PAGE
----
Will fracking cut coal use in the UK?
As the UK government continues to push for shale gas exploration and the Lib Dems have pledged to ban unabated coal in a future coalition, it might be tempting to imagine that gas from fracking can could replace more polluting coal in the UK’s energy mix.
UKOOG, the “voice of the UK onshore oil and gas industry” – which seemed to follow this logic – recently tweeted:
Germany after shunning #shalegas now threatens EU CO2 targets by burning brown coal http://t.co/0KYKzZwaBX @guardian @GreenpeaceUK
— UKOOG (@UKOOGroup) August 27, 2014
Of course, no one can say with complete certainty what’s going to happen since shale gas production hasn’t started in the UK, but there are some problems.
Shale gas would probably replace other gas, not coal
The first issue is that coal is a lot cheaper than gas. Low carbon prices and relatively high gas prices mean that the UK, like the rest of Europe, is burning more coal for power, largely at the expense of gas.
As a result coal often accounts for more than 40% of the UK’s energy mix, especially in the winter, and around 36% of the power mix in 2013. Meanwhile government data shows the UK’s gas plants only ran around 30% of the time in 2012 – mostly during times of peak demand.
Unless the EU carbon market is radically reformed (pushing up the cost of coal power) fracking is unlikely to change the dynamic.
UK and EU shale gas is forecast to be relatively expensive in comparison to conventional gas extraction and US shale gas, according to the IEA and Ernst and Young.
And whilst in the US shale gas is currently only sold domestically – impacting on the price – the UK is part of a wider European gas market. That means it’d take a great deal of gas to move the price enough to compete with coal.
The upshot of this is that shale gas in the UK is more likely to replace conventional or imported gas than coal, which often dominates the energy market as it’s so cheap. If the gas price was cheap enough to rival coal – that may mean shale gas extraction didn’t make economic sense.
Instead, if we’re aiming for a two degrees world, it will be policies such as the Industrial Emissions Directive (in conjunction with other European and domestic policies), that would help push coal off the system. For instance the IED could mean some old coal stations in the UK could come off line by 2023 if they can’t afford to upgrade.
All this is assuming CCS (carbon capture and storage) doesn’t makes great leaps and bounds forward.
Too little gas from fracking to dent coal
If we fail to limit climate change to two degrees, emissions policies don’t work, and the relative costs of coal and gas don’t behave in the ways they are expected to, there could be the rather large issue that that there probably won’t be enough shale gas generated in the UK to fully – or even partially – dislodge coal.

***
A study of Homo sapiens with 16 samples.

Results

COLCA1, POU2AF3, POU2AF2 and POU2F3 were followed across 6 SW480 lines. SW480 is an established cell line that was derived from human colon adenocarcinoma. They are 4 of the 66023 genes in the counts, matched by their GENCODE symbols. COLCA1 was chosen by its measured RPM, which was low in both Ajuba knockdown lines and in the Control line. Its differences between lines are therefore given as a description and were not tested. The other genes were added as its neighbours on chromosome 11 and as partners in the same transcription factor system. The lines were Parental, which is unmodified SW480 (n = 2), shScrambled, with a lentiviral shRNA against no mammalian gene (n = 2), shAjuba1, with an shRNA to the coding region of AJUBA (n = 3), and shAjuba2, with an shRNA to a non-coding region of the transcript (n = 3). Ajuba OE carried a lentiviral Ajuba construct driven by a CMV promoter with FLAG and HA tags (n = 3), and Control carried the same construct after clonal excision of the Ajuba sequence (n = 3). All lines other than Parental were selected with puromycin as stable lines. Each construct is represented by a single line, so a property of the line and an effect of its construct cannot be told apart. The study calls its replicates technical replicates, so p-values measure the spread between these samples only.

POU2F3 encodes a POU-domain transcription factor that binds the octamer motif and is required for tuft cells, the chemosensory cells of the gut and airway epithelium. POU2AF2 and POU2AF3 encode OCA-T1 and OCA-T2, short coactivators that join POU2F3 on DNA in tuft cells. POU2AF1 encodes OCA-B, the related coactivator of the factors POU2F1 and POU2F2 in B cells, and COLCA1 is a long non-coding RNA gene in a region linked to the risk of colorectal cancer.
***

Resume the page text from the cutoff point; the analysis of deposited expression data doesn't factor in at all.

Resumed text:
Across Europe shale gas could make up around 3-18% of EU gas demand by 2030 (or 21% of UK only demand) -according to energy consultants Poyry.
If all of that were used for power generation (21bcm or 231twh) it would be sufficient to meet current UK power demand from gas (DUKES) but little more. As mentioned before, coal has recently peaked at around 40% of UK’s energy mix.
Of course, we could ge far more – or less. According to environmental think tank E3G we should be looking at the lower end of projections on European shale gas supply as a whole.
They noted: “Even under the most optimistic scenarios, shale gas is projected to meet just 10% of European gas demand by 2030. Most commentators agree that 2-3% by 2030 is a more realistic estimate.”
Shale gas replaces coal – if we assume we allow run away climate change
But even if we should be looking at the top end of that rather large range of how much shale gas we could have in the UK by 2030, there could be concerns around when the shale gas will come online.
A 2013 study by energy consultants Poyry suggests shale gas would start to come onstream in Europe in around a decade.
It also argues that a European shale gas boom could shift a significant amount of coal off the system by 2035, and says: “The production of shale gas in Europe does not affect the growth of renewables under either shale gas scenario, but it does reduce coal burn in electricity generation.”
But their analysis assumes that there is still plenty of coal to push off the system by the first third and and middle of this century. This is in direct contrast to the advice of the UK government advisors on climate change (the Committee on Climate Change), who say we really need phase out coal quick smart – by the early 2020s – to stay within two degrees of global warming, after which the impacts become increasingly severe.
Of course, all of this is based on assumptions about shale gas production and economics from just a few wells.
It could be the UK is indeed flooded with cheap gas over the next few years, overwhelming the European market and triggering a market led shift from coal to gas. It could happen – but based on the evidence that we currently have, it doesn’t seem especially plausible.